On This Day In F1 - The Leyton House Team Almost Won A Grand Prix

On This Day In F1 - The Leyton House Team Almost Won A Grand Prix

A look back at what happened on 8 July in Formula 1 history

1962 French Grand Prix
Dan Gurney gave Porsche its only F1 victory as a constructor as he won by more than a lap ahead of Tony Maggs and Richie Ginther. It was a slightly lucky win, however, as many of the other top contenders fell by the wayside: Jack Brabham and Jim Clark had suspension failures, Bruce McLaren dropped back with a spin, and John Surtees and Graham both lost several laps with car problems. Ferrari hadn’t even bothered to show up, courtesy of strikes in Italy.

1984 Dallas Grand Prix
Many drivers struggled to reach the end of a race which was both searingly hot and featured a track surface that was breaking up. In fact, a few drivers had tried to get the race cancelled as track repairs were still being executed half an hour before the race was due to start.

Nigel Mansell led the first half of the race before Keke Rosberg forced him into a mistake and took the lead. Then, Alain Prost took over at the front before grazing a wall and having to retire - one of 14 drivers to retire as a result of mistakes. That left Rosberg (who’d combatted the heat by wearing a special cooling cap - some other drivers had to rely on teams splashing them with water during pit stops) to take the win after the race hit the two-hour mark. Rene Arnoux brilliant went from the back to second, while Elio de Angelis was a lap down in third. Having led early on, Mansell dropped down the order with various issues when his gearbox broke within sight of the finish. Determined to reach the finish, he got out and pushed his Lotus across the line, famously collapsing as he did so. In the process, Piercarlo Ghinzani passed him for fifth place to score the only two points of the Italian’s 111-race career, but Mansell had done enough to be classified sixth and earn a point for his efforts.

On This Day In F1 - The Leyton House Team Almost Won A Grand Prix - Formula 1

1990 French Grand Prix
The first half of the race was fairly normal as Gerhard Berger led from Ayrton Senna and Nigel Mansell. But, as drivers began to pit, the Leyton House drivers of Ivan Capelli and Mauricio Gugelmin moved up the order and eventually found themselves running one-two.

By now, Alain Prost was running in third place, and he soon realised that neither of the drivers ahead of him were going to pit. Gugelmin eventually succumbed to engine failure, but Prost had to go some in order to catch Capelli. Thanks to some solid laps and Capelli’s car developing a misfire, Prost took the lead with three laps to go and won as Capelli held on to finish second ahead of Ayrton Senna.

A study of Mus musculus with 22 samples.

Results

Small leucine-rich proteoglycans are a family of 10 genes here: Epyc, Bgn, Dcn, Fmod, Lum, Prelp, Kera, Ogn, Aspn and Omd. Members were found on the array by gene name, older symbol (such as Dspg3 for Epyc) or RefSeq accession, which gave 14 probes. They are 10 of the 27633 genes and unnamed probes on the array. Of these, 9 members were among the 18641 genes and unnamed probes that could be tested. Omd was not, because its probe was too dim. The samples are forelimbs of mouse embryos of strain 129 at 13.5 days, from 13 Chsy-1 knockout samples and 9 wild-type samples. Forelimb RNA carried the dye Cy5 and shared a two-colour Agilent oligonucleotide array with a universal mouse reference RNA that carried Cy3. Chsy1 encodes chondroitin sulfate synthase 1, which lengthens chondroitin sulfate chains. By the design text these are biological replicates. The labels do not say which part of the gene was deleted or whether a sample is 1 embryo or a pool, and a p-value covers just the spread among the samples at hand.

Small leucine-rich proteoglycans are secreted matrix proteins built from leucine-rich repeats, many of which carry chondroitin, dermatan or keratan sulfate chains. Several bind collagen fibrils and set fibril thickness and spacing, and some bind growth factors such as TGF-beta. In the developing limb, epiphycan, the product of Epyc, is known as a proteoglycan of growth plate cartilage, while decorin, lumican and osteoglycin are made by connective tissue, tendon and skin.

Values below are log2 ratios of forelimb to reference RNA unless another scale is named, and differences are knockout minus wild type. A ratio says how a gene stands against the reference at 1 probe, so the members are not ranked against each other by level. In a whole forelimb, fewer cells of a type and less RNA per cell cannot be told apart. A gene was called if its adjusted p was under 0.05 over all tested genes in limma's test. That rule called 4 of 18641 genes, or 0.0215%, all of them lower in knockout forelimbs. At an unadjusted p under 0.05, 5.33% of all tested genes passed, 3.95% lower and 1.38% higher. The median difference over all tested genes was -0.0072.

It was an incredible result for Leyton House - at the previous race in Mexico, neither car had even managed to qualify for the race. The reason behind the upswing in pace was due to Paul Ricard being a much smoother surface which, coupled with an aerodynamic upgrade from a certain Adrian Newey, had transformed the car into almost becoming a race winner. Ironically, Newey had been let go by the team ahead of the race due to the previous poor performances - not that he minded too much as he ended up joining Williams soon after.

Prost's win was also the 100th for Ferrari
Prost's win was also the 100th for Ferrari

2007 British Grand Prix
Despite taking pole position for his home race, Lewis Hamilton had a slightly disappointing run to third place after being passed in the pit stops by Fernando Alonso and eventual winner Kimi Raikkonen. Felipe Massa also had a bad time when he stalled on the formation lap and had to start from the pit lane, but he managed a solid recovery to finish fifth, just behind Robert Kubica.

2012 British Grand Prix
Having taken an excellent pole position in the wet, Fernando Alonso spent the whole race fending off the faster Red Bull drivers. With a few laps to go, Mark Webber had caught up and pulled off a mega pass around the outside of Brooklands to win his ninth and final grand prix. Alonso held on for second ahead of Sebastian Vettel.

Alonso and Webber always made for a compelling battle. (c) Ferrari
Alonso and Webber always made for a compelling battle. (c) Ferrari

2018 British Grand Prix
Sebastian Vettel was leading relatively comfortably when the safety car was deployed to clear up a heavy crash for Marcus Ericsson. Vettel opted to pit but Bottas stayed out, leaving Vettel 11 laps to try and find a way past. After some early probing moves proved ineffective, Vettel simply launched his Ferrari down the inside at Brooklands, grabbed the lead, and won the race. Bottas then dropped down the order further, firstly losing second to Lewis Hamilton (who’d recovered from the back after being spun by Kimi Raikkonen on the first lap) and then to Raikkonen himself. Max Verstappen was also in the fight for the podium until he was put out with brake failure.